Lombard: Banking woes

MPs must ask if homes plan passes the Higgins test

A report by lawmakers should spread the opprobrium for the woes of Halifax Bank of Scotland, rescued from collapse by Lloyds in 2008. Peter Cummings, former head of corporate lending, has so far borne the brunt, receiving a £500,000 fine and a life ban from banking. Former chairman Lord Stevenson and ex-chief executives Andrew Hornby and Sir James Crosby should now receive some public criticism.

However, Benny Higgins should come up smelling of roses, if he is mentioned at all. HBOS’s former head of retail banking is that rare beast, a banker who will tack against the prevailing corporate breeze as well as sailing in front of it. MPs and peers have something to learn from him.

As chronicled in Hubris, Ray Perman’s engaging account of HBOS’s downfall, Mr Higgins was appointed when Mr Hornby was keen to expand retail banking in 2006. Instead, he refused to cut prices to stop customers defecting to other banks, or to participate in the controversial equity release business.

HBOS’s portion of new home loans halved to 8 per cent. This was no bad thing given that the market was peaking in prices, loans-to-value and tolerance of weak credits. But the share price tanked. Mr Higgins was ousted with a fat payoff, turning up later as chief executive of Tesco Bank. HBOS came a hefty cropper on corporate loans, but not on mortgages.

Piquantly, the government is preparing to build its own subprime mortgage book even as the parliamentary commission on banking standards readies its broadside against HBOS. To bolster its flagging popularity, the coalition plans to extend guarantees with an upper liability estimated at £12bn to cash-strapped homebuyers, supporting house prices that in the south-east already look toppy.

In considering the plan, coalition MPs and peers should recall the moral of Mr Higgins’ tale: what is politically expedient is not always financially prudent.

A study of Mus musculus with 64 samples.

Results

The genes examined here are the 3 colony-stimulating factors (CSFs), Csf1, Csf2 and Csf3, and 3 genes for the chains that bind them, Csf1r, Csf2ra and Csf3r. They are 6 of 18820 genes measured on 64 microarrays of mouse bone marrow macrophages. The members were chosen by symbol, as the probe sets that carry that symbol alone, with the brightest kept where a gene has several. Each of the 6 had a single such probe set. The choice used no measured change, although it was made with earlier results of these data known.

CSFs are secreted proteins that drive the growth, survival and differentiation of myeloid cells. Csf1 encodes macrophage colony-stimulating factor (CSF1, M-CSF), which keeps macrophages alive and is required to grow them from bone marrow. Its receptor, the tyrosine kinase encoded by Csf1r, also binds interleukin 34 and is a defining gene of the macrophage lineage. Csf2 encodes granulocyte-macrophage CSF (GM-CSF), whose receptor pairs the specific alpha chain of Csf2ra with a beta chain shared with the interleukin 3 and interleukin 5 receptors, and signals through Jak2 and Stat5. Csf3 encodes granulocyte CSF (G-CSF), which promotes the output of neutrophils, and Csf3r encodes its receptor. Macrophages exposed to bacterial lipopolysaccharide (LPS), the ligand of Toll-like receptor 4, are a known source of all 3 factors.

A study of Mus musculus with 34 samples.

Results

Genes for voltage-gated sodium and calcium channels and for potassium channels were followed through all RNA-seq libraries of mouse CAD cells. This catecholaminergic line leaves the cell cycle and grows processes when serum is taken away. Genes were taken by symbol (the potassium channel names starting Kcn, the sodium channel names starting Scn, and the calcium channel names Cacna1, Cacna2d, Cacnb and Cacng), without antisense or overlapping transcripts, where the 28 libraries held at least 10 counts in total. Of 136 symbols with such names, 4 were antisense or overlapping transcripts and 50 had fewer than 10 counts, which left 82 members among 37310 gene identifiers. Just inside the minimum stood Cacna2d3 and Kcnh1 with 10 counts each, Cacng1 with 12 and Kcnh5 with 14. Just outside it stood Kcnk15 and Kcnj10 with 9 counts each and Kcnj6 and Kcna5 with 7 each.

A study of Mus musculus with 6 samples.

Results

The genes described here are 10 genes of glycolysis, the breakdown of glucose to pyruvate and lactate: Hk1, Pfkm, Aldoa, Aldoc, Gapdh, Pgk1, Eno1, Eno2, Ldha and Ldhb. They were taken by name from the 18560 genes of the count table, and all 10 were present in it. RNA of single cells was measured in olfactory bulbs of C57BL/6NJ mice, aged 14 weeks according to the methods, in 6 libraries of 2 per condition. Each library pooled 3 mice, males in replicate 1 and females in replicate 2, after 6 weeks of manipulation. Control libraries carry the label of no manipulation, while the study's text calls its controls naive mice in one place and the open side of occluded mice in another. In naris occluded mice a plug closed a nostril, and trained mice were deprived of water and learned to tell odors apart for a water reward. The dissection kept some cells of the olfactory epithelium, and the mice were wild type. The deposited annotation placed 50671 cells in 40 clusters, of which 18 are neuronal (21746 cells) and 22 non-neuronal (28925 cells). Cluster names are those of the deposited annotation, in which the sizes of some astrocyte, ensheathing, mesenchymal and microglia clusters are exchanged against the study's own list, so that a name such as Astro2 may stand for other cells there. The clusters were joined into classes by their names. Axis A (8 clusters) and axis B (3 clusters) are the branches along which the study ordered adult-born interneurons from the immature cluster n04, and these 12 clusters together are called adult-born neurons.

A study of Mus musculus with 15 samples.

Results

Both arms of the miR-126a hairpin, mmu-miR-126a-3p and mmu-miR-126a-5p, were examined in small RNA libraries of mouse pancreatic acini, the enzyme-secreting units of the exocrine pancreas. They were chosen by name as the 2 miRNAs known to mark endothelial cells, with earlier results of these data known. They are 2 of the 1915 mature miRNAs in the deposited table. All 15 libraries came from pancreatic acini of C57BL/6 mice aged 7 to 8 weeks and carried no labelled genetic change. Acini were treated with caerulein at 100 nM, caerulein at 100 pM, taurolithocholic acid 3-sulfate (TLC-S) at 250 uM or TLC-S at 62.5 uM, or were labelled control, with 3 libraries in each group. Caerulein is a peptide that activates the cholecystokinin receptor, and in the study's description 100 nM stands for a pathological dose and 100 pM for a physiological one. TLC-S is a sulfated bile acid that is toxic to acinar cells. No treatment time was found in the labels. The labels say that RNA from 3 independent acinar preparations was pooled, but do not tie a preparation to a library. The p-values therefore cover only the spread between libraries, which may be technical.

Road kill

A U-turn is hard to execute elegantly when you are driving a 20-tonne truck. Mini-conglomerate Stobart Group, famed for its jolly red and green lorries, is jettisoning a boss who was only installed at the end of January. A boardroom coup appears to have prompted a counter-coup.

In January, longstanding chief executive Andrew Tinkler was effectively demoted by the promotion of his deputy, Avril Palmer-Baunack, to executive chairman. The move, following a profit warning, was backed by Neil Woodford, the influential fund manager whose employer, Invesco, holds a 36 per cent stake.

Now Ms Palmer-Baunack is to stand down. So will senior independent director Alan Kelsey, who bore a particular duty to safeguard the interests of minority shareholders.

Stobart is also ditching a plan to sell off some of its disparate divisions. These include a biomass energy unit and a property business created through related-party transactions with Mr Tinkler and chief operating officer William Stobart. Together the pair own 12.6 per cent of Stobart, according to Bloomberg.

The flimsy reason advanced by the company for its change of direction is that results for the year to February 28 will be “modestly ahead” of market expectations. The group has also signed a three-year distribution contract with Tesco, though financial details are scant.

Wise drivers give erratically-driven trucks a wide berth. Investors should do the same with Stobart shares, which have fallen steeply since last April.

Vod bulls

A huge deal created Vodafone in its current form – the £112bn merger with Mannesmann. Could the mobile phone business be broken up by an even bigger deal? A rumour that two US telecoms companies, Verizon Communications and AT&T, were working on a $245bn bid raised the shares 3 per cent on Tuesday.

Verizon Communications denied the report late on Tuesday. But a consortium bid could break the deadlock over US mobile phone joint venture Verizon Wireless. Verizon Communications wants to buy the 45 per cent it does not own from Vodafone. Previous talks have always broken down over price. The gap is harder to bridge because a deal would crystallise a $20bn tax liability.

A full takeover would obviate this, with Verizon Communications offloading Vodafone’s non-US businesses to AT&T. Unfortunately the gearing of the US duo precludes a deal financed purely with debt. So they would have to persuade their shareholders to stump up heftily, or convince Vodafone investors to take cash and shares.

Investors in the Newbury-based company might bridle at equity exposure to another mega-deal. As the Mannesmann transaction illustrated, these tend to be overpriced and pedestrian in outcome.